Saturday, July 7, 2012

What is a "Prohibition Device?"

This is just one mystery out of the following article:

From 2012-07-06 00:36:11

XI'AN, July 5 (Xinhua) -- Liquid inside an ancient wine vessel unearthed in Shaanxi province is considered to be the earliest wine in China's history, archaeologists told Xinhua Thursday.

The wine vessel made of bronze was unearthed in a noble's tomb of the West Zhou Dynasty (1046 BC - 771 BC) in Shigushan Mountain in Baoji city.

The liquid is likely the oldest wine discovered in China, said Liu Jun, director of Baoji Archaeology Institute, who is in charge of the project.

The vessel, one of the six discovered in the tomb, could be heard to contain a liquid when it was shaken, Liu said. However, the cover of the vessel was pretty solid and there was no appropriate tools to open it at the excavation site, so the liquid remains a mystery, he said.

During the Shang Dynasty (1600BC-1046BC), the dynasty before the Zhou Dynasty, wine became a symbol of corruption as Shang officials used to drink excessively, he said.

The people of Zhou made "prohibition devices" to put on the table to remind people to drink in moderation, he said. A 95-centimeter-long and 21-centimeter-tall "prohibition device" was unearthed with the wine vessels on June 25 in the same tomb, which is the first of this kind unearthed in Baoji, he said.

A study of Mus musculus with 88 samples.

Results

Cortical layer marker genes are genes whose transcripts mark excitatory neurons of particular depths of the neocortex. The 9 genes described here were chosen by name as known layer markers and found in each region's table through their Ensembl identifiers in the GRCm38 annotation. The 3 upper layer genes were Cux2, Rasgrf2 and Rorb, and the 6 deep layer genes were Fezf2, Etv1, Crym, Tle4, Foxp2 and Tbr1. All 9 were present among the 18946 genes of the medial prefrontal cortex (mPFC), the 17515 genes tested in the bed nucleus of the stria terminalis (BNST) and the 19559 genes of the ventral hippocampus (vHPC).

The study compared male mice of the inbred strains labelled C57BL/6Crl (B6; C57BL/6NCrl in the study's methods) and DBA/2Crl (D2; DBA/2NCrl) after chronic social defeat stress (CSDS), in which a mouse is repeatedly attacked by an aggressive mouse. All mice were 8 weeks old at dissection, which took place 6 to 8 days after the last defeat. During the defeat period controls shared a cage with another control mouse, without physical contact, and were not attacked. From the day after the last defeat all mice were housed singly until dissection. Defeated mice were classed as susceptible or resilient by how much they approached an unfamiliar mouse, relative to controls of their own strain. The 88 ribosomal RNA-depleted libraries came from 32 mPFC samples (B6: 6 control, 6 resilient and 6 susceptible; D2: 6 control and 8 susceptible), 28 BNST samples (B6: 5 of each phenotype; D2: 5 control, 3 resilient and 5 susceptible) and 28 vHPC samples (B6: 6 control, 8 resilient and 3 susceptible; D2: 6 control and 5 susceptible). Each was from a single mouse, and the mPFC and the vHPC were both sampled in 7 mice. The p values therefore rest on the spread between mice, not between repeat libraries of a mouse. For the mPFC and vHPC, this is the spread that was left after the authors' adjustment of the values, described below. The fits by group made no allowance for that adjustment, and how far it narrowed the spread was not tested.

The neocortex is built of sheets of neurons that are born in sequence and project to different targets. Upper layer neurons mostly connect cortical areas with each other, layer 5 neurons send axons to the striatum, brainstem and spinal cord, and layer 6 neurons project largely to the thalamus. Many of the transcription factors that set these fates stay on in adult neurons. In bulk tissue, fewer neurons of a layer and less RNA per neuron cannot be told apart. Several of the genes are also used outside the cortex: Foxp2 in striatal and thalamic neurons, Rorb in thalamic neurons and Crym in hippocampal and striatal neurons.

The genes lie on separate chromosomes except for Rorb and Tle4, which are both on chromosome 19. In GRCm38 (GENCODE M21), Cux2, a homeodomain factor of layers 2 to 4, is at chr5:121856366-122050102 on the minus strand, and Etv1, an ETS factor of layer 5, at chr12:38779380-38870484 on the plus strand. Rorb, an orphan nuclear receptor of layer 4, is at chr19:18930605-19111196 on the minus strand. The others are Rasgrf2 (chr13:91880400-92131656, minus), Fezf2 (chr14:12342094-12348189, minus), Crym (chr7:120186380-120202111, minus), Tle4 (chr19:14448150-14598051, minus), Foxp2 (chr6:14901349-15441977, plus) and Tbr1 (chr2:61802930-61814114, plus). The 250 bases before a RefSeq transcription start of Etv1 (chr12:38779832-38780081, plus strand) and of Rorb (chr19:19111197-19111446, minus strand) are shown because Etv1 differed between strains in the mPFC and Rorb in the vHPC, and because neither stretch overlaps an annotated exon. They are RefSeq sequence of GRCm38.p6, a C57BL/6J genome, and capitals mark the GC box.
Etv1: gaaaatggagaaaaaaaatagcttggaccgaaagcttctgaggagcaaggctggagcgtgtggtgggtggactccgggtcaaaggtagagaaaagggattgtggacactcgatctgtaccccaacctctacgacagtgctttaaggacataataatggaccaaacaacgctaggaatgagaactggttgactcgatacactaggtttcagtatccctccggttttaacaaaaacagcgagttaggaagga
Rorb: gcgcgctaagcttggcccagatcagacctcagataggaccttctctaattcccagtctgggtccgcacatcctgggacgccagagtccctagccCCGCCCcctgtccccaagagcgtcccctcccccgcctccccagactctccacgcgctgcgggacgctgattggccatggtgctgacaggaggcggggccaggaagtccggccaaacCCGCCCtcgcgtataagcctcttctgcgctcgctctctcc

Many other bronze devices with inscriptions were unearthed on Thursday.

The excavation work is still underway at the site and more bronze devices are expected to be discovered in the next couple of days.
Editor: Mu Xuequan
A photograph of one of these "prohibition devices" would be useful, don't you think?  Geez!  What were they - gags made out of metal?  Come to think of it, we could use some of those in Washington, D.C.

The other mystery is why is the "oldest wine in China" only about 3000 years old?  Surely wine was being fermented long before the Shang Dynasty!  I believe wine was already already being made in the Middle East around 10,000 years ago -- I have a recollection of reading several articles many years ago that talked about the domestication and deliberate cultivation of grapes in the Lake Van region as early as 9000 BCE, and it didn't take long for the vines to make their way down the mountains in Armenia into the plains of the Middle East. 

Does the article actually mean to say that the wine discovered in the tomb was the first actual wine still in liquid form discovered?  That, in and of itself, is actually quite amazing, when you think about it!